Immunogen fails to leap Forward

As doubts grow about targeting the folate receptor, Immunogen’s decision to press on with mirvetuximab soravtansine looks desperate.

Trial Results

If at first you don’t succeed, try a patient subgroup. Immunogen became the latest company to take a leaf out of the standard biotech playbook today, refusing to give up on its lead antibody-drug conjugate, mirvetuximab soravtansine, despite the failure of the pivotal Forward I trial in ovarian cancer.

The company has found a population to home in on: patients with high folate receptor alpha expression. But with mirvetuximab the third folate-targeting agent to fail in recent years, the evidence against this approach is mounting.

Immunogen might be better off cutting its losses to focus on the rest of its pipeline. But its next most promising asset takes aim at another troubled target, CD123, so could also run into problems.

Mono or combo?

Immunogen's choice appears to boil down to carrying out another monotherapy trial in high folate receptor alpha (FRα) expressers only, or switching focus to a combination of mirvetuximab soravtansine with one or more other agents.

As luck would have it, Immunogen already has a combo trial ongoing, called Forward II. That tests mirvetuximab soravtansine in doublets with Keytruda, Avastin or carboplatin, as well as in a triplet alongside Avastin and carboplatin. Initial data with the triple combo should emerge this year.

Forward I, in platinum-resistant ovarian cancer patients who had already received up to three prior therapies, failed to meet its primary endpoint, progression-free survival. Immunogen’s stock fell 48% this morning, having already lost 20% on Wednesday.

Immunogen had two bites at the cherry here, as the Forward I study looked at PFS in both the entire patient population and a prespecified subset of patients with high FRα expression.

In the broad trial population Forward I was a resounding failure, with no PFS benefit favouring mirvetuximab soravtansine, hazard ratio of 0.98 and a p value of 0.897.

Results were more promising in the FRα-high subgroup, which returned a hazard ratio of 0.69 and a p value of 0.049. However, this was not significant because of the statistical analysis plan that Immunogen used.

Definite signal?

Despite the result, Immunogen’s chief medical officer, Anna Berkenblit, said on the conference call today that there was “definitely” a signal in the FRα-high subgroup.

She added that the proportion of high expressers in the trial had been slightly lower, at 60%, than the 66% Immunogen had anticipated. An obvious question is why, if the company had expected these patients to drive the benefit, it did not focus on this group in the first place.

As it stands, Immunogen now faces the prospect of paying for another phase III trial. The group has around $295m in the bank and could soon start cutting costs to try and make this go further – its chief executive, Mark Enyedy, said on the call that it would carry out an operational review.

As for Immunogen’s next most promising project, he highlighted IMGN632, a CD123-targeting asset that yielded promising phase I data at last year’s Ash meeting (Ash 2018 – Immunogen makes its case for a Jazz gig, December 1, 2018). However, other projects targeting CD123 have run into safety problems, most recently Xencor’s bispecific antibody XmAb14045.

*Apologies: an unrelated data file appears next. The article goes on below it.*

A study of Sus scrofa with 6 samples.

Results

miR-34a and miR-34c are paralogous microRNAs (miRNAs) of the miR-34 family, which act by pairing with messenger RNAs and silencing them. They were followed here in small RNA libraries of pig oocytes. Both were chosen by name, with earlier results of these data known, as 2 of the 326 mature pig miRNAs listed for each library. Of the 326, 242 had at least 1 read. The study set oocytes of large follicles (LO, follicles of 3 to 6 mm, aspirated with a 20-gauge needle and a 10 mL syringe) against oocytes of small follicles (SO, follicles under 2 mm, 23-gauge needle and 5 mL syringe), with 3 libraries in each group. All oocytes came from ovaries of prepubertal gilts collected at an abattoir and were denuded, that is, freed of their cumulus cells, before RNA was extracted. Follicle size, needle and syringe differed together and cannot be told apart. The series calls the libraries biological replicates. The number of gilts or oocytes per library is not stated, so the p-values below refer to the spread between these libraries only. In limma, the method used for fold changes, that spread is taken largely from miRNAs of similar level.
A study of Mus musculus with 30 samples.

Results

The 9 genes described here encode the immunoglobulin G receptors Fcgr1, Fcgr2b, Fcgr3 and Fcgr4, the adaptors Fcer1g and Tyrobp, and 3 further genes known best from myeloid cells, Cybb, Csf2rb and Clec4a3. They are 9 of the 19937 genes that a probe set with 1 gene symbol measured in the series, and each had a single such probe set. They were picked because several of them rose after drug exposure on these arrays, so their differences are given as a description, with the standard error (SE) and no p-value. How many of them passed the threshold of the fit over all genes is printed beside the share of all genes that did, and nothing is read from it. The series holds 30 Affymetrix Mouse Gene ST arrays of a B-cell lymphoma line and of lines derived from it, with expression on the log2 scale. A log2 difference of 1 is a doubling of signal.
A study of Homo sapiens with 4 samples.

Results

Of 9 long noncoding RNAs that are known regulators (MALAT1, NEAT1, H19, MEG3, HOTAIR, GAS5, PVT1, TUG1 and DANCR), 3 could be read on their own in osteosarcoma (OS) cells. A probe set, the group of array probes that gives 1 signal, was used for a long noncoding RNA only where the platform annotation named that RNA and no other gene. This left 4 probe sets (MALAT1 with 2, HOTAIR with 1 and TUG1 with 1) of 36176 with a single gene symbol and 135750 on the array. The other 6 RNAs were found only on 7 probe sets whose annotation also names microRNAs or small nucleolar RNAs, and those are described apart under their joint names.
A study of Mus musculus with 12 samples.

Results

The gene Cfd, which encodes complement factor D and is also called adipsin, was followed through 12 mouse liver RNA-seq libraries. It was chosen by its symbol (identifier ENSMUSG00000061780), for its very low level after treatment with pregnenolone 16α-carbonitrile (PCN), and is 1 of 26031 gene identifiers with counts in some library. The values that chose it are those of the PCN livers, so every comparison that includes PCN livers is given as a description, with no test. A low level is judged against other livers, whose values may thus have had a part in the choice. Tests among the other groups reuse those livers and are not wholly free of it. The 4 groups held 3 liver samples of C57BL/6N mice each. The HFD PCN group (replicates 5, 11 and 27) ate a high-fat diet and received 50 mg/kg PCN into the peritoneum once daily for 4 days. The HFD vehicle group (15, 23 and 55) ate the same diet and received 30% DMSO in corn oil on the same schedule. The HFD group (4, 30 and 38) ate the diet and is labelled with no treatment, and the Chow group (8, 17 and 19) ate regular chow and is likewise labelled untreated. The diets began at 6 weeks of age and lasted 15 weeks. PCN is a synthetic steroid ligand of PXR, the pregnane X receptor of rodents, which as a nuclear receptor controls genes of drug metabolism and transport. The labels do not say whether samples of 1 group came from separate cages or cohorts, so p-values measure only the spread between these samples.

Immunogen's pipeline
Project Target Setting Status
Mirvetuximab soravtansine Folate receptor α Ovarian cancer monotherapy Failed phase III
    Ovarian cancer combo therapy Phase II
IMGN632* CD123 Haematologic malignancies Phase I
IMGN779* CD33 Acute myeloid leukaemia Phase I
IMGC936** ADAM9 Solid tumours Preclinical
*Optioned to Jazz; **partnered with Macrogenics; Source: EvaluatePharma, company website.

As for the folate receptor, this now looks like a dead end as a target. Mirvetuximab soravtansine is the third failure in this field, following in the footsteps of Eisai’s monoclonal antibody farletuzumab and Endocyte’s small-molecule drug conjugate vintafolide.

There is still plenty of activity here, however, with various companies developing folate-targeting candidates, including the UK’s Igem Therapeutics and Carrick Therapeutics and the public US groups Marker Therapeutics and Sutro Biopharma.

Perhaps investors in these players should now be getting nervous. As for Immunogen, its only hope of getting out of the doldrums in the near term could be stellar data with a mirvetuximab soravtansine combo or a full deal with Jazz.

Efforts to target folate receptor α (FRα)
Project Mechanism Company Status
Farletuzumab Anti-FRα MAb Eisai (ex-Morphotek) Failed in phase III
Vintafolide Anti-FRα small-molecule conjugate Endocyte Failed in phase II
Mirvetuximab soravtansine Anti-FRα MAb-drug conjugate Immunogen Failed in phase III
STRO-002 Anti-FRα MAb-drug conjugate Sutro Biopharma Phase I
TPIV200 Anti-FRα cancer vaccine Marker Therapeutics Phase I
IGEM-F/MOv18 IgE Anti-FRα MAb Igem Therapeutics Phase I
CT900/BTG945 Anti-FRα thymidylate synthase inhibitor Carrick Therapeutics (ex-BTG) Phase I
MOv19-BBz Anti-FRα CAR-T therapy Uni of Pennsylvania Phase I
Source: company documents & clinicaltrials.gov.